I was perusing my Instagram feed a couple of weeks ago when I came upon a meme that stood out to me. This particular image (see below) poked fun at Hall of Fame linebacker Ray Lewis’ on-field personality by comparing his stats to former Bills linebacker London Fletcher.
Three things stood out to me about this meme: (1) they had similar statistical careers, (2) Fletcher never missed a game, and (3) Fletcher is not in the hall of fame. So this begs the question, should London Fletcher be in the hall of fame? I will answer this question through a statistical comparison with four other modern-era legends: Derrick Brooks (HoF), Brian Urlacher (HoF), Junior Seau (HoF), and Zach Thomas.
How Does London Fletcher Stack Up?
London Fletcher (STL/BUF/WAS): 16 seasons (256/256 GP: 23 INTs; 96+ PD; 19 FF; 12 FR; 39.0 Sacks; 2039 Total TKLs; 109+ TFLs)
Brian Urlacher (CHI): 13 seasons (182/208 GP: 22 INTs; 90 PD; 11 FF; 15 FR; 41.5 Sacks; 1361 Total TKLs; 138 TFLs)
Derrick Brooks (TB): 14 seasons (224/224 GP: 25 INTs; 84+ PD; 24 FF; 4 FR; 13.5 Sacks; 1713 Total TKLs; 68+ TFLs)
Junior Seau (SD/MIA/NE): 20 seasons (268/320 GP: 18 INTs; 43+ PD; 11 FF; 18 FR; 56.5 Sacks; 1847 Total TKLs; 80+ TFLs)
Zach Thomas (MIA/DAL): 13 seasons (184/208 GP: 17 INTs; 48+ PD; 16 FF; 8 FR; 20.5 Sacks; 1734 Total TKLs; 74+ TFLs)
As previously mentioned, London Fletcher never missed a game in sixteen seasons, which is an astonishing feat in the physically demanding game of football. Derrick Brooks also played every game in his career but retired after fourteen years in the NFL. Brian Urlacher and Zach Thomas both played thirteen seasons but missed significant time due to injuries. The only linebacker that played more career games than Fletcher was the late Junior Seau. However, he also missed more games than the other four players combined. As the old saying goes, “the best ability is availability” and London Fletcher topped each of these legendary linebackers in that regard. Furthermore, he not only showed up for work each Sunday, he remained effective throughout his entire career.
Tackles (Total & For Loss)
For linebackers, probably the most important in-game statistic is tackles. London Fletcher had more career tackles than each of the four legends. He also ended his career with fourteen 100-tackle seasons (2000-13). Brooks had twelve such seasons (1996-2007), Thomas had ten (1996-99, 2001-06), Urlacher had nine (2000-03, ’05-07, ’10-11), and Seau had eight (1991-96, ’98, 2000). Meanwhile, only Brian Urlacher had more career tackles for loss (TFLs) than Fletcher.
Pass Defense (Passes Defended & Interceptions)
Fletcher also proved to be exceptional in pass coverage, recording more passes defended (PDs) than Brooks, Urlacher, Seau, and Thomas. The fact that he had more PDs than Derrick Brooks, arguably one of the best coverage linebackers in NFL history, should turn more heads on the selection committee. Additionally, Fletcher had the second-most interceptions among this group, two behind the aforementioned Brooks.
Fumbles (Forced & Recovered)
London Fletcher had the second-most forced fumbles (FFs) and third-most fumble recoveries (FRs) among this group of linebackers. Fletcher had five fewer FFs than Derrick Brooks but scooped up eight more FRs. Meanwhile, he had eight more FFs than Urlacher and Seau, though they both had more FRs (three and six more, respectively). The only linebacker in this group that Fletcher edged out on both categories was former rival, Zach Thomas. (It’s also worth noting that he had the same number of FFs as Ray Lewis, the man who inspired the hit stick in Madden!)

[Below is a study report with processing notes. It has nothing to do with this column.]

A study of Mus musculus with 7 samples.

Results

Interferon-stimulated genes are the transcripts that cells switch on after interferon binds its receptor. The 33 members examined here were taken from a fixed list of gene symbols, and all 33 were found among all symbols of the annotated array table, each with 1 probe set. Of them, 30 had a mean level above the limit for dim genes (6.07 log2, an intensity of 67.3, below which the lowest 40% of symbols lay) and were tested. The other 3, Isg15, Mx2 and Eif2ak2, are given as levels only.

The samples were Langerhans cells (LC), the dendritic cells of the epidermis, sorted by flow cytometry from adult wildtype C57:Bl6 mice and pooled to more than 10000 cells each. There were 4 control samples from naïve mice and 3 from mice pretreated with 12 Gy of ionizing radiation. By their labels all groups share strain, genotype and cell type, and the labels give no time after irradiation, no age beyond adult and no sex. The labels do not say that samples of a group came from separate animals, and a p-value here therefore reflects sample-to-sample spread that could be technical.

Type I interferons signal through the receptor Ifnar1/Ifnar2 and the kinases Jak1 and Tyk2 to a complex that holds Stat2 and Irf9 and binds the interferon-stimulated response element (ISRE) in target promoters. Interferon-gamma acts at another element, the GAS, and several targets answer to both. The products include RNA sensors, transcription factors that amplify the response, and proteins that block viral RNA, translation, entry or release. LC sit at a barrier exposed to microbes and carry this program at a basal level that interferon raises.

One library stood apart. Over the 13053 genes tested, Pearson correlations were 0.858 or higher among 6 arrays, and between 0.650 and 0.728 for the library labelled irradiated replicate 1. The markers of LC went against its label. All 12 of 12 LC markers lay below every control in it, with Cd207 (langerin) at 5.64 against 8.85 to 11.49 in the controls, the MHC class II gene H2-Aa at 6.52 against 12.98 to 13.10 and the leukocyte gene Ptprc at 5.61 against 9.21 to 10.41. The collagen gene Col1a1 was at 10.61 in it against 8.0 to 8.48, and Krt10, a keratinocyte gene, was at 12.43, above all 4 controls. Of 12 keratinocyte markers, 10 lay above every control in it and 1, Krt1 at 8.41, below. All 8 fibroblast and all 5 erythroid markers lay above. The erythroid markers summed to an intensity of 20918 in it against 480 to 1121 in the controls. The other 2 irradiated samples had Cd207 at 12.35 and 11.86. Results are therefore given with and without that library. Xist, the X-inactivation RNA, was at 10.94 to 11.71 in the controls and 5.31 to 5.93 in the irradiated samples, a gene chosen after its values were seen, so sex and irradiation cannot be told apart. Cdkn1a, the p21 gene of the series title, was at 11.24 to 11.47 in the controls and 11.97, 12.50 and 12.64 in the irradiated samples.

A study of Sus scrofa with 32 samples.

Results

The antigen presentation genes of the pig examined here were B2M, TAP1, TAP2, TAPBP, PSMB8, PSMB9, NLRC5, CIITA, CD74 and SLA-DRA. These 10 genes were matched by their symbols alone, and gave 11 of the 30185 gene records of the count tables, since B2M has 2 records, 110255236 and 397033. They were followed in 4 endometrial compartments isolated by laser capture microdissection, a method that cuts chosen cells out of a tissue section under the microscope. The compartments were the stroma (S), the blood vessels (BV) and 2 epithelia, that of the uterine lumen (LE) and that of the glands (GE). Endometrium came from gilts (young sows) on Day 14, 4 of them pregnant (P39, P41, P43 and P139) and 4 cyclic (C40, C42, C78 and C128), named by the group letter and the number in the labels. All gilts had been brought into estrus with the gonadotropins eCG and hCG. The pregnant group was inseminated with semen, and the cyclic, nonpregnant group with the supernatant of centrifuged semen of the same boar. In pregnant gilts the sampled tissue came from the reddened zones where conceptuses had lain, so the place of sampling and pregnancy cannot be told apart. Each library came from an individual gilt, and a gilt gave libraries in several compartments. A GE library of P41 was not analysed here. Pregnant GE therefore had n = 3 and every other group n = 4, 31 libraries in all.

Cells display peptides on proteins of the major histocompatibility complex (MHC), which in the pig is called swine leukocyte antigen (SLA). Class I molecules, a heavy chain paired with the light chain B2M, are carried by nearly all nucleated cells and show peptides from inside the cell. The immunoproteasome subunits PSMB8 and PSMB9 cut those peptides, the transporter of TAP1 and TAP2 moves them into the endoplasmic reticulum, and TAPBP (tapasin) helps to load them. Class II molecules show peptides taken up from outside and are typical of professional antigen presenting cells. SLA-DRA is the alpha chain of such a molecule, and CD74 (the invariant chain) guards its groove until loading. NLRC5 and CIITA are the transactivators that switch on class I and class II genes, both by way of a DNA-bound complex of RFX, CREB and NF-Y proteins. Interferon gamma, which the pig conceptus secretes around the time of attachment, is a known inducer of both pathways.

Fletcher was also effective rushing the passer as an inside linebacker, tallying the third-most sacks in this group. (It should be noted that Junior Seau played both the inside linebacker and outside linebacker/edge rusher positions in his career, so the seventeen-plus sack deficit should be taken with a grain of salt.) Brian Urlacher was the only traditional inside linebacker to record more sacks than London Fletcher (two and a half more to be precise). Meanwhile, Fletcher tallied more career sacks than Zach Thomas and Derrick Brooks combined.
All of Bills Mafia talks about how Steve Tasker should be in Canton, but it could be argued that London Fletcher has a stronger case. (They both deserve to get in. Please do not crucify me on Twitter!) He played in every game and was a consistent defensive contributor everywhere he went from his early twenties to his late thirties. Fletcher either kept pace with or surpassed four of the NFL’s greatest modern-era linebackers in all statistically significant defensive categories. Despite receiving little recognition during his playing days (four pro bowl appearances and zero all-pro honors), he put together a legendary career and deserves to wear a gold jacket.
While his Buffalo tenure was brief (five years), he was an icon of the playoff drought era. He was also one of the first big names I ever saw in a Bills uniform, as I was too young for Jim Kelly, Thurman Thomas, Bruce Smith, Andre Reed, Doug Flutie, and Eric Moulds (among others). I can’t speak for the entire Bills Mafia, but I subscribe to the old adage: “Once a Bill always a Bill”. Therefore, I believe that we should come together and support one of the game’s unsung heroes in his pursuit of football immortality!
* All player stats provided by Pro Football Reference.
* The “Passes Defended” (PD) and “Tackle for Loss” (TFL) categories were not consistently recorded until 1999. These values are followed by a “+” for those who were playing prior to that season.
* “HoF” connotes Hall of Fame inductee.
What do you think? Are there any modern-era linebackers I missed? Should Bills Mafia start a social media campaign to get London Fletcher into the Hall of Fame? Let me know on Twitter (@zvaughn2712).